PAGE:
At some point, for some reason, this reality hit me hard, and made me reevaluate the people I had been surrounding myself with in Florida. I felt they were now holding me back and I was losing my “depth” and “intellect” by missing out on stimulating conversations. This realization soon turned into lack of respect towards them. That lack of respect then turned into resentment, and today we are no longer friends. I feel awful for writing them off like that, just because they were not like my “Boston Friends.” I started comparing everyone I met to my “Boston Friends,” and there was never a comparison. Till this day, everyone I meet I feel like the minute they piss me off or do something I don’t like, I cannot be friends with them. I tried changing and giving people a chance, but maybe I am the one attracting weirdos. The type of girls I meet here are either boy crazy whores, really air-headed, compulsive liars (they fabricate most of what they’ve done or have to impress others) or just party girls.
I am 27 now, and over the drunken weekends (although I don’t mind stepping out from time to time). I’m also in a 5-year relationship and over the whole dating scene (although I don’t mind giving dating advice and hanging around single people at all). But why am I attracting these weirdos? I understand I have high standards for friends and the people I surround myself with, but why can’t I ever meet someone who meets those standards? And believe me, I have tried so hard to overlook certain flaws, and it’s just so hard to find that too. I always blame it on Florida, and how it produces a bunch of shallow idiots, but now I can’t help feeling like it’s me, but I don’t know what to do about it. — Make New Friends, but Keep the Old
Well, you got one thing right: it is you. The reason no one can live up to your standards is because you’ve made it so impossible to be your friend so you don’t have to ever go through the pain of losing a friendship again — either to a move, lifestyle change, or a friendship breakup. As someone else who spent her childhood moving around all the time, I can appreciate the walls you learn to build up in order to protect yourself from the pain of saying good-bye to people you care about. But you take the wall-building a step further and turn your nose up at everyone, deciding anyone who isn’t exactly like you is weird, shallow, stupid, air-headed, and crazy. In doing that, you make yourself utterly unlikeable. I guarantee, most people who just read your letter have an idea that you’re a real piece of work (and that’s putting it nicely). You don’t attract cool people into your orb because you, frankly, are not cool. At least, you’re not giving off that perception of yourself.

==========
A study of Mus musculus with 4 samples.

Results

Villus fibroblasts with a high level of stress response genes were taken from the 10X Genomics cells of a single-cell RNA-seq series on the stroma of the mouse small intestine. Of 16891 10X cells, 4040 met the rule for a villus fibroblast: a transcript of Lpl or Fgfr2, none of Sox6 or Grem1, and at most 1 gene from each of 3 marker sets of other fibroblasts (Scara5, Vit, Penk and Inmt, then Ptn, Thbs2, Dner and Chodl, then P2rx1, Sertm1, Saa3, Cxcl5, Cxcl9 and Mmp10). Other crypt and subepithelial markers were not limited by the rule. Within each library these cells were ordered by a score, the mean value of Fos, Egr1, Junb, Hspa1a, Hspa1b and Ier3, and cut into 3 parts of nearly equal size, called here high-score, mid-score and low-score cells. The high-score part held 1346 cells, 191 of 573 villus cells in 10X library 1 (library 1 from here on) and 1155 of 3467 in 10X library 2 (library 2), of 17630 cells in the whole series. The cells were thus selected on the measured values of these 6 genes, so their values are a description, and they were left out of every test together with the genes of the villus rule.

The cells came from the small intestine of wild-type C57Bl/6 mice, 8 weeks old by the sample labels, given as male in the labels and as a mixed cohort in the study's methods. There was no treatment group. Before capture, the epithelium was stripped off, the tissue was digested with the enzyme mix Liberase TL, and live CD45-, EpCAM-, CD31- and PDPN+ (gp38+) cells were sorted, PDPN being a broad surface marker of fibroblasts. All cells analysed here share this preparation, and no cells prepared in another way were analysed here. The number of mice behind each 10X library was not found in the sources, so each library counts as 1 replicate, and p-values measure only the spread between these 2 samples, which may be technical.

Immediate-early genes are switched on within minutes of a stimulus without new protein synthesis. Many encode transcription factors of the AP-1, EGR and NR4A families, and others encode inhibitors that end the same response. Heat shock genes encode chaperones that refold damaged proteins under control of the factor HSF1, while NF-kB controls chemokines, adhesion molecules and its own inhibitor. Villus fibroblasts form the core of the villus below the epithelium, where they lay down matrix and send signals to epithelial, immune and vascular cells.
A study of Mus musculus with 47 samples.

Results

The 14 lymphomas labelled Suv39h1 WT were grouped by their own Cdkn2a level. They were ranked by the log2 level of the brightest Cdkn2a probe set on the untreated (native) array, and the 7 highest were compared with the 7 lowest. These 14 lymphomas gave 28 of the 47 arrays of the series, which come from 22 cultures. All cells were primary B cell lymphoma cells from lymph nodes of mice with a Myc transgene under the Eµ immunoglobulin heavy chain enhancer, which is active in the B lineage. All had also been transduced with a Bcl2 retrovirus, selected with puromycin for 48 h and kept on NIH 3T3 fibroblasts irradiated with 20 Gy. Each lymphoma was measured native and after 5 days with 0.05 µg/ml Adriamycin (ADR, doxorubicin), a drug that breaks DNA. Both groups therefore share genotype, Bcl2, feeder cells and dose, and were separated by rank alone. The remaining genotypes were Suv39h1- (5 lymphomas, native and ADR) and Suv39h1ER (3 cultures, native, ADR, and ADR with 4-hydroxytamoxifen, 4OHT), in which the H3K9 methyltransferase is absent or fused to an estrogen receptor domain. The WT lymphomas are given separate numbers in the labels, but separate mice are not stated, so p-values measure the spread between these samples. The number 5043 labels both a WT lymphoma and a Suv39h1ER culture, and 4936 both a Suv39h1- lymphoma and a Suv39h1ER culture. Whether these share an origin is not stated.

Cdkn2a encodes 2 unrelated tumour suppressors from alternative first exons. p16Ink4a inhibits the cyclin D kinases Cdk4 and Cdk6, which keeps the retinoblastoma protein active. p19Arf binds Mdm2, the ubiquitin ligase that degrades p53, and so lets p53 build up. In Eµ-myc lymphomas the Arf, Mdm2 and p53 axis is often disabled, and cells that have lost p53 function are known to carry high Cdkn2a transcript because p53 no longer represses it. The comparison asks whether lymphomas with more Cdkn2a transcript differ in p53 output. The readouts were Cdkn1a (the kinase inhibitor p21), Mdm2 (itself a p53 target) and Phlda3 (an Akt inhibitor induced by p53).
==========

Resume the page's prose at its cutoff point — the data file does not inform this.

You should feel bad about dumping your Florida girlfriends, whom you said you had a great time with, simply because they didn’t mesh with your Boston Friends. It’s okay to have friends who meet different needs — in fact, you should have friends who meet different needs — and it was stupid to dump a group of people whose company you enjoyed because you felt they didn’t provide the deep, intellectual conversations you suddenly remembered you craved. You should have kept them and joined a freakin’ book club or signed up for a anthropology or political science course somewhere.
What you need to do is stop trying to squeeze everyone into a one-size-fits-all robe of standards and. instead, appreciate the gifts each individual “weirdo” in your life brings to the table. So what if you have a few friends who like to party all the time? If you can enjoy that from time to time, keep those friends around for a fun Saturday night out. And since your 5-year relationship is a focal point in your life, why not try to make some couple friends whom you and your significant other can hang out with together? And if you want to meet people you feel you have more in common with, search for like-minded friends at places where your common interests are the main draw, like a trivia night or Meetup groups or a yoga retreat or whatever it is that nourishes your intellect. And if you can’t think what that might be, I’d say that’s your main problem right there, and you need to stop relying on other people — like your Boston Friends, for example — to define what’s important to you, and start taking some ownership of your life.